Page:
How many of you have ever put together a jigsaw puzzle? A really good challenging jigsaw puzzle?
Or do you get tired of the challenge and just want to give up, move on to something easier? Come on, raise your hand…
It’s easy to solve recruitment problems when you think about one simple puzzle piece. Imagine if you will, you have a puzzle piece and are desperately trying to position it into the wrong place on the puzzle board. The edges tear, it doesn’t look right, it affects the other pieces in the same area and ultimately, the puzzle is incomplete.
Many of us, as recruiters, spend a great deal of time encouraging hiring managers the importance of their selection decisions. Even though it is difficult to relate the recruitment process to the retention of a new hire, we recruiters want the hire to be successful, for we invested a great deal of time sourcing, screening and building the candidate experience.
To the hiring manager, presumably all of the candidates we screen and submit can fit the vacancy. However, if the proper selection is not made by the manager, there can be many disruptions.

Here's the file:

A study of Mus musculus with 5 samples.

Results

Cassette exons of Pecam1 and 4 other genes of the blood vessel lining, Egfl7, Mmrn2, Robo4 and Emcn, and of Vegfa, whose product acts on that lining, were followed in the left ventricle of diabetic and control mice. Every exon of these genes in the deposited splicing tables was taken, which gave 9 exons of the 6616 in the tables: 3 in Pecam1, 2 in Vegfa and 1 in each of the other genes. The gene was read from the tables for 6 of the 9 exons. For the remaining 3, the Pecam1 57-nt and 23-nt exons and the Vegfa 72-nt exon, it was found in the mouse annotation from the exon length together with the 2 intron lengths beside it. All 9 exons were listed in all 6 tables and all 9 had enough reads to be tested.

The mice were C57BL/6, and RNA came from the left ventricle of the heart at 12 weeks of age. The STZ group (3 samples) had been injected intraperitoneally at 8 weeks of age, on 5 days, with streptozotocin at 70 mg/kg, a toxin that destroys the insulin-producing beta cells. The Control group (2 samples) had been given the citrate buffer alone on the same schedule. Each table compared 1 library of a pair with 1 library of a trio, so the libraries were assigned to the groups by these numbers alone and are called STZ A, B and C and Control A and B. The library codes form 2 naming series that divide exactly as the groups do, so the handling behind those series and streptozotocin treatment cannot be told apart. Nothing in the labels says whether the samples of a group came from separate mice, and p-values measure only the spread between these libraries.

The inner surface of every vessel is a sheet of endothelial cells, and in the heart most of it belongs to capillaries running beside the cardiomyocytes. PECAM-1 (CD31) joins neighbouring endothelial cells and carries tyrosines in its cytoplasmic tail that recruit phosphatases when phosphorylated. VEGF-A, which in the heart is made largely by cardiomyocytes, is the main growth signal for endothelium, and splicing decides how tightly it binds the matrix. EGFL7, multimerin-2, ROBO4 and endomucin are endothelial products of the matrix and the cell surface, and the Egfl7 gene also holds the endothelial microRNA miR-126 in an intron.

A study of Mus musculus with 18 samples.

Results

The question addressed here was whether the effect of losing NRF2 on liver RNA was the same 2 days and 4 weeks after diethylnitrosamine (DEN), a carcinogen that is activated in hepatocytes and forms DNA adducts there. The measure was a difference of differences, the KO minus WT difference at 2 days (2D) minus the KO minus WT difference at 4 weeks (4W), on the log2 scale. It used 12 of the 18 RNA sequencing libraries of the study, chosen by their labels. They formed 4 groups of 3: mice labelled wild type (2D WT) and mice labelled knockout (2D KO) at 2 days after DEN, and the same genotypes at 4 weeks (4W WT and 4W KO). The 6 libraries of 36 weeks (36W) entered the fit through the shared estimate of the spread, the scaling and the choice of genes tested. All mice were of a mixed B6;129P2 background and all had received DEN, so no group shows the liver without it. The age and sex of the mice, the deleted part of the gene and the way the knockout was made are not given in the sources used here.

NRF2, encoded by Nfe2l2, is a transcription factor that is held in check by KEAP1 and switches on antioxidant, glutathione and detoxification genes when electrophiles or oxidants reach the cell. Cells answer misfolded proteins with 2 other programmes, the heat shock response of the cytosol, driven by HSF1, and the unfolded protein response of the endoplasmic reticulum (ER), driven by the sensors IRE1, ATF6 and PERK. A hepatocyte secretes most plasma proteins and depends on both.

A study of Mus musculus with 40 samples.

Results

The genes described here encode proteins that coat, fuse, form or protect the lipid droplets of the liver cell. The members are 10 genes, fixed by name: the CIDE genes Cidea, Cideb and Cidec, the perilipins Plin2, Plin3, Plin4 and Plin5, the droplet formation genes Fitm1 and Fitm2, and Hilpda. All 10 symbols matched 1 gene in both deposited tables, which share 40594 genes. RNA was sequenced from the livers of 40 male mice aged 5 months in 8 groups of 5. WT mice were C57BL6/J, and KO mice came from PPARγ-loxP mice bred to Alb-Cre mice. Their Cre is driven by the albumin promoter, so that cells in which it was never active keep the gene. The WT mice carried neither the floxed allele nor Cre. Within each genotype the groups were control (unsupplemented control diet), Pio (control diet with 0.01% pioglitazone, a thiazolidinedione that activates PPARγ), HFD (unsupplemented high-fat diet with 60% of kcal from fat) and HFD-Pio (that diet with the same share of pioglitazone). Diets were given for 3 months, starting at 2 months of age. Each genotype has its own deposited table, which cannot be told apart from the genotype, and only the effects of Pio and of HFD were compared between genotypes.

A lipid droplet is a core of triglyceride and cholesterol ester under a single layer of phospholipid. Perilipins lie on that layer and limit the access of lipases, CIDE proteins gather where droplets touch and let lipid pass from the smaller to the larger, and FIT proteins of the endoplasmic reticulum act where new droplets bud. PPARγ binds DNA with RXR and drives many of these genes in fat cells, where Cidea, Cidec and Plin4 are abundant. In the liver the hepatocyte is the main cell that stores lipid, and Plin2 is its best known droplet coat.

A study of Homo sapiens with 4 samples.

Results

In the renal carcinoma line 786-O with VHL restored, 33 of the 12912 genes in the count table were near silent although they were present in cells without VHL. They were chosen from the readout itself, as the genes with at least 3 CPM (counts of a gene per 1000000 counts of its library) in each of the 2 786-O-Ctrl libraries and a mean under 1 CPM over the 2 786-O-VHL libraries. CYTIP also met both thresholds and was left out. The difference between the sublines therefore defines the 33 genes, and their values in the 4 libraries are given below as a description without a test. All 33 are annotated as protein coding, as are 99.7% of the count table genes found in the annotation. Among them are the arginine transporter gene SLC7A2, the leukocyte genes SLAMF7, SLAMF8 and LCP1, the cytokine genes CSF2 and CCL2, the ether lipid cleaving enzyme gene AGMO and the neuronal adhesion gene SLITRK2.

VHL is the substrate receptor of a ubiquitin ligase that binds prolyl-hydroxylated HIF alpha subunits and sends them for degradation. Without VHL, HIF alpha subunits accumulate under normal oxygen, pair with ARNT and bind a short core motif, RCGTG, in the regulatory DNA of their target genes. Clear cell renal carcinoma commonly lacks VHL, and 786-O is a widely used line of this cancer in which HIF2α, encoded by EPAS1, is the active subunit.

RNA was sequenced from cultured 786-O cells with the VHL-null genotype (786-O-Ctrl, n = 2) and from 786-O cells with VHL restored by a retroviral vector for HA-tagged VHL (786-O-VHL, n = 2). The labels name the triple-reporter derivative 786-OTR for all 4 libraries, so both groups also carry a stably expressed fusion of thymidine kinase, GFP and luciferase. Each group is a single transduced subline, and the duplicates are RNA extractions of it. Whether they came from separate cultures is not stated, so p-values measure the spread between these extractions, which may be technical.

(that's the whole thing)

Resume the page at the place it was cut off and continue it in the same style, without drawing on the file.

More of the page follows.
First, the performance of the new hire will suffer. They may just not be able to perform at the level required due to culture fit, not having the direct management they are used to, or any other type of environmental factor.
Second, other members of the team will need to compensate for the limitations causing frustration, over-time dollars, and possibly morale issues.
Third, the incorrect hire now has a bad experience with the company, will tell others, and may eventually leave the position for something more suitable.
As a recruiter, it is important to educate the manager on factors that fit a strong selection decision. Heck, you might give your hiring managers a puzzle piece that is frayed or torn as a visual reminder of why one should not fill a slot with the wrong person.
And embrace the challenge of a jigsaw puzzle – they are really helpful with building your strategic influence. In fact, did you know that your left-brain thinks logically and follows sequence while the right brain is creative, intuitive and emotional? When you try to put together a jigsaw puzzle, you harness both the brainpowers.